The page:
How much business have you lost because you made it harder than it has to be for people to use your products or ask you a question?

There are many times when I wish that I could ask the executives and managers of companies that I’d really like to do business with this simple question, “Have you ever tried to do business with your own company?”  Because it seems to me that, if they were encountering the same problems that I am in using their company’s products and services, they would surely FIX THEM.  We aren’t talking rocket science here, folks.

The kind of problems that I’m talking about are ridiculously easy to correct.

For example:

  • I have a glossy brochure from a company that would like me to donate goods to their wonderfully worthwhile nonprofit venture that provides support for people with developmental disabilities.  AND I’D LIKE TO DONATE! I really would. But here’s the message that I’ve now heard for two days in a row upon calling the donation pickup line listed on the brochure, “We’re sorry, that caller’s mailbox is full.”  Guess I’ll be donating two bikes to another worthy organization.
  • This morning I received an email solicitation from a company that wanted me to sign-up for their service online. It was something that I had an interest in and wanted to know more about.  But I had a question I wanted answered first.  Did they provide a phone number? Or any way at all to contact them? No.  Granted, I could go to the trouble of finding the contact information myself but…why should I?  They aren’t the only provider of this service.  I will go elsewhere.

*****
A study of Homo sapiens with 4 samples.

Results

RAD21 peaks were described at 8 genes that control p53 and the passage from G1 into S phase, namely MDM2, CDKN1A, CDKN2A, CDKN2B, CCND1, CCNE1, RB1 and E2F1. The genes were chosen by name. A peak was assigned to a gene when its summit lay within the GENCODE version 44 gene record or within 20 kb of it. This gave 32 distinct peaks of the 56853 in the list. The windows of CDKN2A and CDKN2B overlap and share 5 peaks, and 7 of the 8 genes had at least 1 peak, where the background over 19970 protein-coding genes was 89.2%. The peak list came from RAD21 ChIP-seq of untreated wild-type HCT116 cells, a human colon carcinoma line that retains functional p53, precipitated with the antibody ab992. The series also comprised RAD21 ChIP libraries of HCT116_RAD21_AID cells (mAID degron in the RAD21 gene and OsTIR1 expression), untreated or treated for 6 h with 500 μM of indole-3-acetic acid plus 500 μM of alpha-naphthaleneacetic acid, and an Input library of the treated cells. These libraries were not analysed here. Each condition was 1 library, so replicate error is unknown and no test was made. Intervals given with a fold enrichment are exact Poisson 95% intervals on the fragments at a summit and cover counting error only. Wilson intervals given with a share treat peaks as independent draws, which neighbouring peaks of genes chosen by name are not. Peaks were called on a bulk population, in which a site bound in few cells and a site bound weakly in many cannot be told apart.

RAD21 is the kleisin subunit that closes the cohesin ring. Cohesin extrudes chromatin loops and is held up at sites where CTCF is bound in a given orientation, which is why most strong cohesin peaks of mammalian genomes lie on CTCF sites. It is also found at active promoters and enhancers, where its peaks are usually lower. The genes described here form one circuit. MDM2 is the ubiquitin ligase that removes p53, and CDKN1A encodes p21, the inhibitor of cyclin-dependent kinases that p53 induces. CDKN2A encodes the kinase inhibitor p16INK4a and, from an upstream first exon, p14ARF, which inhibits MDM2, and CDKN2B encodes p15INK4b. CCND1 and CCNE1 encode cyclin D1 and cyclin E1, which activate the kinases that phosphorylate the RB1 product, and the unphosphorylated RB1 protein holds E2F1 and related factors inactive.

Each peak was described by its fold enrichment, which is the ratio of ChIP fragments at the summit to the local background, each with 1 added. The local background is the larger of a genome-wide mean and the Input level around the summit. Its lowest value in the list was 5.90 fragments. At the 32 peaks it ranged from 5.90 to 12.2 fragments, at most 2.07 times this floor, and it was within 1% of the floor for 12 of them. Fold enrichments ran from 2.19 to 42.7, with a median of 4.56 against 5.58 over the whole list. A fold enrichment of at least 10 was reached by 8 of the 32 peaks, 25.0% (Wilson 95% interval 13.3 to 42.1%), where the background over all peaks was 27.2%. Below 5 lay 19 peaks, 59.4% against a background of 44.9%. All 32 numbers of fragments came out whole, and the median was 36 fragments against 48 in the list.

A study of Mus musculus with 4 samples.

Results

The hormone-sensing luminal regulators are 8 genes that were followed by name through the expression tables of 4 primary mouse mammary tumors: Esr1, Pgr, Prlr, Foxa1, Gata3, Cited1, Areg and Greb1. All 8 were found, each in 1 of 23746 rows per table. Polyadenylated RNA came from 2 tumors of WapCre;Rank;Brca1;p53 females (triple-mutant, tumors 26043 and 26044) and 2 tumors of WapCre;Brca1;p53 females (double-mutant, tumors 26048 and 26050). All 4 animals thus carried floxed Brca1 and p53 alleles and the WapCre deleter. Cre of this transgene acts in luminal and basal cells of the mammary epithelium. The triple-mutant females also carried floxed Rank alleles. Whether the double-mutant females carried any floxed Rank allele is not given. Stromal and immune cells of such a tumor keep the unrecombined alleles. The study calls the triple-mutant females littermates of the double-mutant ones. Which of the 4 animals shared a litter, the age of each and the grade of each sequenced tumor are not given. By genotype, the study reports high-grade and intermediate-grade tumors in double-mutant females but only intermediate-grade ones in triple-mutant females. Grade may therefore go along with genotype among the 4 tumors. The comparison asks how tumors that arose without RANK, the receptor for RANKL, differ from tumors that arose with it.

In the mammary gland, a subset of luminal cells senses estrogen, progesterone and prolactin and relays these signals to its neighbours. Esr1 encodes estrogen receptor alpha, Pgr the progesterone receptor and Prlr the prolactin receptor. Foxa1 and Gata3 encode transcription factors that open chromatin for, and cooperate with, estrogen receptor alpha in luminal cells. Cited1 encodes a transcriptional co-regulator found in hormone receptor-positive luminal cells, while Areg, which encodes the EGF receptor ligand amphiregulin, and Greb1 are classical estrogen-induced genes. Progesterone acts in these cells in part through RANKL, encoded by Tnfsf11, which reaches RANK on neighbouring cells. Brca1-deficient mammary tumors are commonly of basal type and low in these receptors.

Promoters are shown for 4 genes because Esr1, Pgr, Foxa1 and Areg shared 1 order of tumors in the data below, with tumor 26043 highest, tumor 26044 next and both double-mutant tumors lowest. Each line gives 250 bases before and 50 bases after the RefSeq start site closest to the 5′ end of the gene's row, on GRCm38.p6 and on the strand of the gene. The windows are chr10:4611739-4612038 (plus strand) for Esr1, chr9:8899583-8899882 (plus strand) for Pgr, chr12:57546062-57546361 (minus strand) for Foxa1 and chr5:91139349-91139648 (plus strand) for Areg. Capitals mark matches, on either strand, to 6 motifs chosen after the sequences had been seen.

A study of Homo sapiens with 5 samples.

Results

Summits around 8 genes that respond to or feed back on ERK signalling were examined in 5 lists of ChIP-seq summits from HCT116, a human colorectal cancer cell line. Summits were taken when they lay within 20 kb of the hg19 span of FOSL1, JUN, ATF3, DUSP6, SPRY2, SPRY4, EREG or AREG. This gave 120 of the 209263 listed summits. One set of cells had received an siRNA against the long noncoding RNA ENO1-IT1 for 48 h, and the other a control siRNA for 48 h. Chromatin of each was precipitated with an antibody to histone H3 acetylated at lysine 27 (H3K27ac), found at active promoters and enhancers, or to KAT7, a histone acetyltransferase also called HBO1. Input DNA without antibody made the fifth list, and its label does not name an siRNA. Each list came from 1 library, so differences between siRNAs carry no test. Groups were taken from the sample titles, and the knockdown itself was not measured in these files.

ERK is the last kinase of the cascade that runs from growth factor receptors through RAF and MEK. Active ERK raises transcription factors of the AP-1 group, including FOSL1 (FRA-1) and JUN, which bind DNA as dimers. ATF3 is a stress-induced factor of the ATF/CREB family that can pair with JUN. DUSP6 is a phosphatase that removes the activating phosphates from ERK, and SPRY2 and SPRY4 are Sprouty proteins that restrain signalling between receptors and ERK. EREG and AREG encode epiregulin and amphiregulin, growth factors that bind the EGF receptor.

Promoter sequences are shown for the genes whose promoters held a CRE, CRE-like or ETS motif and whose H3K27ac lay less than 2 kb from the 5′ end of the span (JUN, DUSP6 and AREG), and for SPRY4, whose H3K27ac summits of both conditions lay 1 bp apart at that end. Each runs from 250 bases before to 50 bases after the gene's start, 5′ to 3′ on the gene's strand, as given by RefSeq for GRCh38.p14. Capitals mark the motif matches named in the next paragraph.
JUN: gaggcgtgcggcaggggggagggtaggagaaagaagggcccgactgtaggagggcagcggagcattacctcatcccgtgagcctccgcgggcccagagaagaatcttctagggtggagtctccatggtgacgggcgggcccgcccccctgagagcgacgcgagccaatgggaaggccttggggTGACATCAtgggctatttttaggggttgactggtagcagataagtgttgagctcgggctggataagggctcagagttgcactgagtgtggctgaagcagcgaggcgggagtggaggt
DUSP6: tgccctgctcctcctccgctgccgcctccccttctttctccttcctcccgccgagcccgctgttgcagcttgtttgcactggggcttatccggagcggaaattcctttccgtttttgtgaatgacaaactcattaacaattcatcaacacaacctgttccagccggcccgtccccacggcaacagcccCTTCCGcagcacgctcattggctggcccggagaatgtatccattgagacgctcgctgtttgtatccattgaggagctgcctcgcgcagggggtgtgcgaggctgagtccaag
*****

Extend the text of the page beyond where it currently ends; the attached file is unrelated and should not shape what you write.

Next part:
• I bought an eco-friendly liquid laundry detergent a few days ago.  The concentrated kind where you’re supposed to measure out 1 or 2 ounces (depending on the size of the load of wash) using the handy markers embedded in the bottle cap. EXCEPT that the marking lines are virtually invisible!  After much eye squinting and turning of the cap to catch the light just right, I’ve managed to see them…ever so faintly.  Do you think I’ll buy this detergent again?  No.
  • There was an ad in the newspaper last Sunday for an upcoming event.  It said to visit the web site for more information and directions, so I did.  The home page had one of those “click here to enter” buttons. I clicked and…nothing happened.  Several tries over two days and the button never worked.

These are minor inconveniences in my life. Just like it’s a minor inconvenience to be put on hold for ten minutes, get an ear blast of too loud music while waiting for my call to be answered or be forced to listen to a list of “press #” options only to find that NONE of them meets my needs and there is no option for speaking to a human being.  Just like it’s a minor inconvenience to have to deal with poorly written product assembly directions or the fancy stopper cap on the olive oil that almost requires a degree in engineering to figure out.

These things don’t really matter to me.  BUT IF YOU RUN A BUSINESS, THEY SHOULD MATTER TO YOU!  They don’t matter to me because I can do business with your competitor.  And I will.

My advice to you as a business owner, manager or employee who cares about staying in business is very simple:  BE A CUSTOMER of your business and see what it’s like to do business with you.  Call the phone numbers listed on your brochures.  Click the links on your web site.  Use the products.  Get into the game or get out of the business.  Sometimes it’s the little things that make a difference.  And you can fix those, if you know about them. It’s not rocket science.